KINSHASA, Congo (AP) -- Hillary Clinton has a message for the world: It's not all about Bill.
The secretary of state bristled Monday when - as she heard it - a Congolese university student asked what her husband thought about an international financial matter.
She hadn't traveled to Africa to talk about her husband the ex-president. But even there, she couldn't escape his outsized shadow.
She abruptly reclaimed the stage for herself.
"My husband is not secretary of state, I am," she snapped. "I am not going to be channeling my husband."
Clinton's presence, so bold in her historic presidential candidacy against Barack Obama, has sometimes been hard to see in the months she's served as the supposed face and voice of U.S. foreign policy.
The president's ambitious travels have overshadowed her, heavyweight special envoys have been assigned to the world's critical hotspots, Vice President Joe Biden has taken on assignments abroad - and then last week her husband succeeded in a North Korean mission to free two journalists even as she landed in Africa on a seven-nation trip.
"You want me to tell you what my husband thinks?" she asked incredulously when the student raised a question about a multibillion-dollar Chinese loan offer to Congo.
"If you want my opinion, I will tell you my opinion," she said. "I am not going to be channeling my husband."
The moderator quickly moved on.
State Department officials said the student approached Clinton afterward and told her he had meant to ask what Obama, not Bill Clinton, thought about the Chinese loan. A senior Clinton aide said that Mrs. Clinton assured the student not to worry about it.
The student's question, according to the State Department translation, went like this: "Thank you. Mrs. Clinton, weve all heard about the Chinese contracts in this country. The interference is from the World Bank against this contract. What does Mr. Clinton think through the mouth of Mrs. Clinton and what does Mr. Mutombo think on this situation? Thank you very much."
It was unclear whether the French-speaking student or translator had erred. Either way, she was not pleased at the mention of her husband's name.
The Clintons have always been a complicated couple. An accomplished lawyer and politician in her own right, Hillary Rodham Clinton has struggled for decades to balance her interests and ambitions against his. She has supported his career while looking to blaze a trail of her own - at times proud of, and benefiting from, her husband's accomplishments, and at other times frustrated by his failings and his habit of overshadowing her, friends say.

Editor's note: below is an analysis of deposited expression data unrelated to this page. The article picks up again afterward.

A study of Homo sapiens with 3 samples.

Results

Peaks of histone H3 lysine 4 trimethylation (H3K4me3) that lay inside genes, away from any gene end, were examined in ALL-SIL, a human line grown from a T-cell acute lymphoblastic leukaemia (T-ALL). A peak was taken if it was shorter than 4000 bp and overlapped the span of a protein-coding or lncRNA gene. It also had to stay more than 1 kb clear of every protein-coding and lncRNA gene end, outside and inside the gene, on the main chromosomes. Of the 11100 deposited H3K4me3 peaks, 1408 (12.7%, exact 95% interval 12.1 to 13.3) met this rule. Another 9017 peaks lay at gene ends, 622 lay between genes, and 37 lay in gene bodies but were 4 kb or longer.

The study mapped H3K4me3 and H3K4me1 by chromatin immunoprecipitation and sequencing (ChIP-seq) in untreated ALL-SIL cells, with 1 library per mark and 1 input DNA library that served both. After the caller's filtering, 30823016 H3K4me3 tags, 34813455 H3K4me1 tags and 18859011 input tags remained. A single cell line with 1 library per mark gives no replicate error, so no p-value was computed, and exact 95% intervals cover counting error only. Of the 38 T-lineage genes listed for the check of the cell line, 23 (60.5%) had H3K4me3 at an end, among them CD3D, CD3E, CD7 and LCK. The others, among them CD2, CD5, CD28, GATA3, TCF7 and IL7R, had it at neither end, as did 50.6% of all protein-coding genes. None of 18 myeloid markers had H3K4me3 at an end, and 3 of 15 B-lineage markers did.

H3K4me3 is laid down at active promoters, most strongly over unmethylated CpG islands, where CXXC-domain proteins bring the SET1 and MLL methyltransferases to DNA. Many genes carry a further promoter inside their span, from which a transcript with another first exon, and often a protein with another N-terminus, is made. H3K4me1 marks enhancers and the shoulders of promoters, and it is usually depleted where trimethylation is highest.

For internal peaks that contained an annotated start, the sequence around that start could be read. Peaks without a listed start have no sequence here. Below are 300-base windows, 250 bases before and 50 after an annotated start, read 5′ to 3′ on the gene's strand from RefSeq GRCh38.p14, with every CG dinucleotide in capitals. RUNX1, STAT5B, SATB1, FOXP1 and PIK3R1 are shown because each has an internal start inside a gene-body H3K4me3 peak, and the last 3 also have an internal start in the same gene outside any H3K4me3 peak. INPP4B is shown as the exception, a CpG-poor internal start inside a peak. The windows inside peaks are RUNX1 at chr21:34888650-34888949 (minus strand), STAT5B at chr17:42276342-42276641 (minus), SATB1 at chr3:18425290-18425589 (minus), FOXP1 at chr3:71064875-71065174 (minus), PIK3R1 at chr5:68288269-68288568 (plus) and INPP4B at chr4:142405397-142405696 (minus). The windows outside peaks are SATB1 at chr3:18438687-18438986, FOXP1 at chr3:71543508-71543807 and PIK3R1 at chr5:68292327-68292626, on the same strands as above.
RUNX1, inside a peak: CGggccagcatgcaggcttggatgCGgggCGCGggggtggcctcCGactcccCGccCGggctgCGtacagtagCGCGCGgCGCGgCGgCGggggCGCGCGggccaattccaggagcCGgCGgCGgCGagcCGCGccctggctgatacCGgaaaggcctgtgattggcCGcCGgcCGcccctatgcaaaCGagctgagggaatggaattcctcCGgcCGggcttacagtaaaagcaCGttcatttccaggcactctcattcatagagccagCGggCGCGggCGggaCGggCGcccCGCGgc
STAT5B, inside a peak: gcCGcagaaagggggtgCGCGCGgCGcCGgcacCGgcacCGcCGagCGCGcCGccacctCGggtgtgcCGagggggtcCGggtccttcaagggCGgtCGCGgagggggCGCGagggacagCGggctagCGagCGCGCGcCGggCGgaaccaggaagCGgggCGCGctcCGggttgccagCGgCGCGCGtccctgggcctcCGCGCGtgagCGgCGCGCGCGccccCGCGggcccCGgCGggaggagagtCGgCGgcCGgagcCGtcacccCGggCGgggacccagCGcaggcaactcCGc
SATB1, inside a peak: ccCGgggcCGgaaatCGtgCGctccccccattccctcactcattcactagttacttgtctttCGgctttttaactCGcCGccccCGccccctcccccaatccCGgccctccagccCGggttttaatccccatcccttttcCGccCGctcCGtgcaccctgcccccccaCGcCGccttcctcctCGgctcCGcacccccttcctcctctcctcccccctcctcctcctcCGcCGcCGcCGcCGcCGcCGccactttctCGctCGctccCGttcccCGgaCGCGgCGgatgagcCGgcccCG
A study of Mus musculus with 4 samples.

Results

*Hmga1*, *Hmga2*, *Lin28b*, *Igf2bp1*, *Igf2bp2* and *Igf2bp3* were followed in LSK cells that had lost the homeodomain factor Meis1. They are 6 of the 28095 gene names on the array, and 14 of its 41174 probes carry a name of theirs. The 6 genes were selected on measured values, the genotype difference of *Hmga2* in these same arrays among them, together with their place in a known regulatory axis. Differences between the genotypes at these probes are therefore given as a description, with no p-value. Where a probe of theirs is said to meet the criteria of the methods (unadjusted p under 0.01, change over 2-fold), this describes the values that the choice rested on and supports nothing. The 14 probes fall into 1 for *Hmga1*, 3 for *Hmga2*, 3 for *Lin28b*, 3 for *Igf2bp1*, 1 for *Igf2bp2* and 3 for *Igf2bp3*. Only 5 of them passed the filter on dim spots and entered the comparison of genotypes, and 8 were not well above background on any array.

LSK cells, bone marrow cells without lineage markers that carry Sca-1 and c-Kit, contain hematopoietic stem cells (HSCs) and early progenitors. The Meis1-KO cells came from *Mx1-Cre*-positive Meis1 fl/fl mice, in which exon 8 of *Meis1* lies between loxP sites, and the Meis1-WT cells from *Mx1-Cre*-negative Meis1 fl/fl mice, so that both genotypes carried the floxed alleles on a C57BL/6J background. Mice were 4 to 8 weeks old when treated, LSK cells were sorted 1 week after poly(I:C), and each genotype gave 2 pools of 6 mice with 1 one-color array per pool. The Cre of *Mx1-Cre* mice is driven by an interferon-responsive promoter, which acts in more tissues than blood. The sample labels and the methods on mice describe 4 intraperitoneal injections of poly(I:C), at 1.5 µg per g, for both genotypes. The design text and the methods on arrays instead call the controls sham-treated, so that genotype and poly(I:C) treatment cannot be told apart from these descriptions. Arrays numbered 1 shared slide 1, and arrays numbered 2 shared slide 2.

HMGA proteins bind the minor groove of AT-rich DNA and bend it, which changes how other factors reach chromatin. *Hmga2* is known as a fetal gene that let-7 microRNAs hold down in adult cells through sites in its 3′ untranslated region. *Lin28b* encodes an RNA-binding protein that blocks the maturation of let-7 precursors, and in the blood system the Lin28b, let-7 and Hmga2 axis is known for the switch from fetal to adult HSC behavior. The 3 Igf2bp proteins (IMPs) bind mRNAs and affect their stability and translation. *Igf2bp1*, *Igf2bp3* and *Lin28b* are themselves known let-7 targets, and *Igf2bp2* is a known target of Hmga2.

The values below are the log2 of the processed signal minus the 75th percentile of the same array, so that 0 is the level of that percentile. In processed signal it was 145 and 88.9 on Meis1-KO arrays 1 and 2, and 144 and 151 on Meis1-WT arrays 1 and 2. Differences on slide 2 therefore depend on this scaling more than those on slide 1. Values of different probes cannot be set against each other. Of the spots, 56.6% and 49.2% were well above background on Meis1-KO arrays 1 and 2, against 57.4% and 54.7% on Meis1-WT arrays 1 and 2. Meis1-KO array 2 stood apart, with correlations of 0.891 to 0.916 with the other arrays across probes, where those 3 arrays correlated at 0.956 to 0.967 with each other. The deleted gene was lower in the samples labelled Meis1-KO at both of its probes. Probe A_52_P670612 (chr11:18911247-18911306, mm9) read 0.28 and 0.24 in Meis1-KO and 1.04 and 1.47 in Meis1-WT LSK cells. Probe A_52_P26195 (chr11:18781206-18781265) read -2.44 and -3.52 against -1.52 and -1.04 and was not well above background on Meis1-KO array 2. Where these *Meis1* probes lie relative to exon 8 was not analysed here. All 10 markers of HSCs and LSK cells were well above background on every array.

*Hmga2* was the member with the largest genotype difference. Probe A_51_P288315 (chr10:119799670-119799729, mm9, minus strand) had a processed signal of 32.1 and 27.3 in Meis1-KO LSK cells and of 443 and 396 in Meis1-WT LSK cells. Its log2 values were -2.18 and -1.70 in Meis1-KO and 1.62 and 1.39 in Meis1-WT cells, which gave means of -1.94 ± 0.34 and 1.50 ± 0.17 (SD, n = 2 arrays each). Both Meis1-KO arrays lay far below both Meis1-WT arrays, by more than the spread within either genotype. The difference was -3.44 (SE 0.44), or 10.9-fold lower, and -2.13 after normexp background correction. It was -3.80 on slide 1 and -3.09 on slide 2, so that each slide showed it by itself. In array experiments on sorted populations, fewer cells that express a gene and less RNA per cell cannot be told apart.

The biggest controversy of Bill Clinton's career - an affair with a White House intern that led to impeachment proceedings - engendered rare sympathy for his wife and helped her win a Senate seat. One of his biggest political miscues - injecting race into her South Carolina primary with Obama - helped seal her defeat in the 2008 Democratic primary.
Since his presidency, Bill Clinton has spoken out about international financial and development aid to poor countries, one focus of his foundation's Clinton Global Initiative, making his opinion of interest abroad. But the stage in Kinshasa was his wife's, and she reacted instantly to a suggestion that he shared it.
She had been sidelined for weeks after she fell on her way to the White House in June and fractured her elbow, requiring surgery. Her aides acknowledged her frustrations stemming from the injury, which made her miss out on going to Russia with Obama and attending several European conferences.
But her aides and those in the White House have denied any rift or attempt to marginalize her.
After returning to action following her injury, Clinton made a round of TV appearances and a rousing speech - all in tune with Obama's priorities, but in her own voice.
She then resumed her frenetic pace, traveling to India and Thailand and then to Africa.
Hours after she left Washington for Africa a week ago, news broke that Bill Clinton had gone on a humanitarian mission to North Korea to win the release of Laura Ling and Euna Lee, two television journalists who had been arrested and sentenced to 12 years at hard labor.
She arrived in Kenya to find herself peppered with questions about his secret mission.
Clinton quickly recovered her cool Monday and moved on to other subjects. Just before the question that set off her anger, another student had asked if the U.S. and the West felt a need to apologize to the people of Congo for colonialism and postcolonial interference.
That brought a pointed rebuttal as well.
"I cannot excuse the past and I will not try," she said. "We can either think about the past and be imprisoned by it or we can decide we're going to have a better future and work to make it."